Tennessee Magistrate Censured The former Tennessee child support magistrate who changed a baby boy’s name from Messiah to Martin was censured on Monday for religious bias.

Last summer, Lu Ann Ballew ordered a couple to change their baby’s name to Martin because the name Messiah was reserved for Jesus Christ.

A six-member panel of the Tennessee Judicial Board of Conduct found Ballew guilty of violating judicial canons because she based the ruling off of her own religious beliefs.

The panel consisted of four judges, one lawyer and a layperson and a unanimous decision was reached in roughly 90 minutes.

Ballew had already been fired in January.

The parents of baby Messiah were originally in court to settle issues regarding the child’s last name, but they were surprised when Ballew returned with a ruling that ordered them to change their son’s first name.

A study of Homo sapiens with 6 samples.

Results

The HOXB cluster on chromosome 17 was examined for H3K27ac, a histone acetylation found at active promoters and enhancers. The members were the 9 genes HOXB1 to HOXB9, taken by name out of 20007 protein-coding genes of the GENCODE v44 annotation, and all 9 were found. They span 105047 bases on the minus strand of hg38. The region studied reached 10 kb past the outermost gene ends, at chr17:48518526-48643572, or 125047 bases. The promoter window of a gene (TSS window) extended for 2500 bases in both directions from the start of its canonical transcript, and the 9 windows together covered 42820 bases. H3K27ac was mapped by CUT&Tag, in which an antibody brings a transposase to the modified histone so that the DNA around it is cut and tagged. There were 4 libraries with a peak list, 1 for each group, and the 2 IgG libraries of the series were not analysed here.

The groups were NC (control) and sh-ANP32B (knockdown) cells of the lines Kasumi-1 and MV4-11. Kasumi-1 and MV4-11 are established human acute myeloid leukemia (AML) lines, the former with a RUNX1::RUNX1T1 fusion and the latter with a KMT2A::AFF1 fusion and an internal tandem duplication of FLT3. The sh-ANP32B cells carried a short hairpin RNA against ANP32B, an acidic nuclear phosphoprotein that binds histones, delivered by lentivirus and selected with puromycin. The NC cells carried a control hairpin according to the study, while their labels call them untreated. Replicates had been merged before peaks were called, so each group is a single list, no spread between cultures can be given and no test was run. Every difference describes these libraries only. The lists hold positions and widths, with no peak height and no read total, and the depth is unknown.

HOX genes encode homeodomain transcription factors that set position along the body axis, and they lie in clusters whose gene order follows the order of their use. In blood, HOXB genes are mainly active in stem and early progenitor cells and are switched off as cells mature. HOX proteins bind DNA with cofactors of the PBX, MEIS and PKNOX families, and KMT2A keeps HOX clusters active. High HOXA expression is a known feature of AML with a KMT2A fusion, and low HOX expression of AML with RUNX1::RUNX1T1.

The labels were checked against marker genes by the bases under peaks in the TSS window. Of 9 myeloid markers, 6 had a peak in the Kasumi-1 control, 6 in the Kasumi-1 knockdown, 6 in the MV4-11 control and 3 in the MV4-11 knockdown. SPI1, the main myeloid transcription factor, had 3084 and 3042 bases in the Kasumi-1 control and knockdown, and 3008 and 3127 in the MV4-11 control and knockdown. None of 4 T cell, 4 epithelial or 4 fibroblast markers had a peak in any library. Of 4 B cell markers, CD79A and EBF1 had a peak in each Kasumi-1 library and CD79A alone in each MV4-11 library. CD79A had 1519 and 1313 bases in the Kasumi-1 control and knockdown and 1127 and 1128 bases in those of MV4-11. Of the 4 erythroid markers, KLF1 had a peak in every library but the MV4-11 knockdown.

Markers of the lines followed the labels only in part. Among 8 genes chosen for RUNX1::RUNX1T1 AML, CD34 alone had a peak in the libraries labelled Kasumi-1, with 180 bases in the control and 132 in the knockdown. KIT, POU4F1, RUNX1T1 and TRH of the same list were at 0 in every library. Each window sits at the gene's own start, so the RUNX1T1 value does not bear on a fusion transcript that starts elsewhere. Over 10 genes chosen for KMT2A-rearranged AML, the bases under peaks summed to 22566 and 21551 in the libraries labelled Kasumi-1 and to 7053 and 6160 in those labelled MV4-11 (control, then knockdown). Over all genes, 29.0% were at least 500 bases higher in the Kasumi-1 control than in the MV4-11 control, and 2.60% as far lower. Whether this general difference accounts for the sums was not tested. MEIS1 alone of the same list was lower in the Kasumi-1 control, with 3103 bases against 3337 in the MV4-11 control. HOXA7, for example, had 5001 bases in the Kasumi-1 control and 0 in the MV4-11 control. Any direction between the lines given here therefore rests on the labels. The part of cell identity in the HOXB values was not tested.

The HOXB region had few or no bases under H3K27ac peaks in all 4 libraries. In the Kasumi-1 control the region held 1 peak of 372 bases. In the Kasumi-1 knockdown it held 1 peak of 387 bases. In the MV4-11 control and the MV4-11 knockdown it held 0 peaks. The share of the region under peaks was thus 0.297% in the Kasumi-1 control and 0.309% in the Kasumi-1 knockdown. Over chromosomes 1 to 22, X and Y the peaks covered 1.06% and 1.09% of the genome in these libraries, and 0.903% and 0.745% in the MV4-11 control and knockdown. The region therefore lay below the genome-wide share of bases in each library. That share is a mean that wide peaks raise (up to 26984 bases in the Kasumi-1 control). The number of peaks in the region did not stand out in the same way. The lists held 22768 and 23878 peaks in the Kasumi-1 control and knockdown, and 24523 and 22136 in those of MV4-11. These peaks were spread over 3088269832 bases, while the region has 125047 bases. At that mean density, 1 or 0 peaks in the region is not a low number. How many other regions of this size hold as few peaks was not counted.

Ballew’s legal team argued that she was simply acting in the child’s best interest because the name “Messiah” could possibly make life difficult for him.

Tennessee magistrate censured for changing baby name from Messiah “A child’s only protection for a detrimental name lies within the state,” her attorneys wrote in a statement although they could not be reached by the Associated Press for comment.

Despite the legal team’s argument, Messiah is a popular name in the United States and was the 387th most popular name for boys in 2012. The number of baby boys named Messiah has doubled since 2011.

Board of Judicial Conduct Disciplinary Counsel Tim Discenza said that Ballew still has the right to appeal the censure to the Tennessee Supreme Court, but the possibility of overturning the decision isn’t likely.